Shane Watson says coach Andrew McDonald and his selectors should come under the microscope for Australia’s T20 World Cup failure, blasting the decision to drop Mitchell Starc against Afghanistan.
- Shane Watsons says he was “gobsmacked” Mitchell Starc was dropped for Australia’s game against Afghanistan
- Watson said coach Andrew McDonald and selectors George Bailey and Tony Dodemaide should face scrutiny
- Kane Richardson was selected instead, ostensibly for his late-over bowling
The fallout from Australia’s failed campaign continued on Monday, at a time when most expected the hosts to be preparing for a semifinal.
Watson argued Australia’s team lacked intensity throughout, saying they already appeared deflated by the end of the first over of their opening loss to New Zealand at the SCG.
He has also been critical of Australia’s long lead-up to the tournament, in which selectors tinkered with the team and moved players into different roles.
But he saved his strongest criticism for the decision to play Kane Richardson ahead of noted wicket-taker Starc against Afghanistan, a game in which Australia needed to roll through their rivals cheaply.
“I was gobsmacked that he missed out,” Watson said.
“He bowled a couple of really nice balls against Ireland and started to get that late swing.
“So I was thinking if someone was going to get dropped, it might have been Pat Cummins.
“I really feel for (Starc) because he didn’t deserve to be dropped for the game.
“Those things send shockwaves through a team, and unfortunately in a big game where the Aussies had to step up and dominate, they weren’t able to do it.
“There are a lot of questions that need to be answered by the coaches and the selection staff to be able to right the wrongs.”
McDonald on Sunday defended the decision to omit Starc, claiming they wanted Richardson’s late-over bowling ahead of the left-armer.
The gamble did not pay off, with Richardson taking 1-48.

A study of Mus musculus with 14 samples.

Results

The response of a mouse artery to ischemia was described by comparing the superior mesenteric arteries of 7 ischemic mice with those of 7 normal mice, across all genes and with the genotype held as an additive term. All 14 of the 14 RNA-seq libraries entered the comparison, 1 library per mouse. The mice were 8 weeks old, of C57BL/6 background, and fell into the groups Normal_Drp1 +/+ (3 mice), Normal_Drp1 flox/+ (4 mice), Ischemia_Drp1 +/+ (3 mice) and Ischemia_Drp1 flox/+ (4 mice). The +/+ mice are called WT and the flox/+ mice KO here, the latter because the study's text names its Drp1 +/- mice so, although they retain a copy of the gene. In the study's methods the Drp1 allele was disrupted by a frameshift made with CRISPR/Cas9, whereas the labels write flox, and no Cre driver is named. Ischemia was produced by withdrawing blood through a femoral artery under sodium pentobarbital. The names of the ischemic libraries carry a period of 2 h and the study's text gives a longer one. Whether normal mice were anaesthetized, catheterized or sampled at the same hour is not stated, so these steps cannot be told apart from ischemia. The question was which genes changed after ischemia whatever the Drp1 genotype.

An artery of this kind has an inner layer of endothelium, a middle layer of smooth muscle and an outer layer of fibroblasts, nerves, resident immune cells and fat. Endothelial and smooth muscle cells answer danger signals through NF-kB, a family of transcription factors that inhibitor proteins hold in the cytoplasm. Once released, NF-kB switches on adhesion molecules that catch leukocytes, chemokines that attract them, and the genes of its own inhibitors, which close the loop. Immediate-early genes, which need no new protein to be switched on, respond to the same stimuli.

Watson said McDonald and fellow selectors George Bailey and Tony Dodemaide deserved to come under scrutiny for the move.
“He (McDonald) is a selector, so the selectors definitely need to take a look at themselves,” Watson said.
“Him and George Bailey, the big decisions that they made in the lead-in to that tournament, they have to live and die by the sword with the decisions they made.
“They’ve had a pretty cruisy ride over the last little while because the Australians have been playing really nicely.
“But now a T20 World Cup at home where the team didn’t perform as the group certainly can, the microscope will be on them, as it should be.”
Watson’s comments come ahead of a crucial year for Australia.
After home summer Test series against West Indies and South Africa comes an away Border-Gavaskar Trophy series and an Ashes battle in England before the ODI World Cup.
A member of Australia’s 2015 ODI World Cup-winning squad, Watson said he had initially expected Australia to be a contender in the T20 tournament.
“They just seemed to lack that extra intensity and that extra bit of spark that they’ve had in the past,” Watson said.
“It was very, very disappointing to watch the brand of cricket that the Aussies played during this tournament.”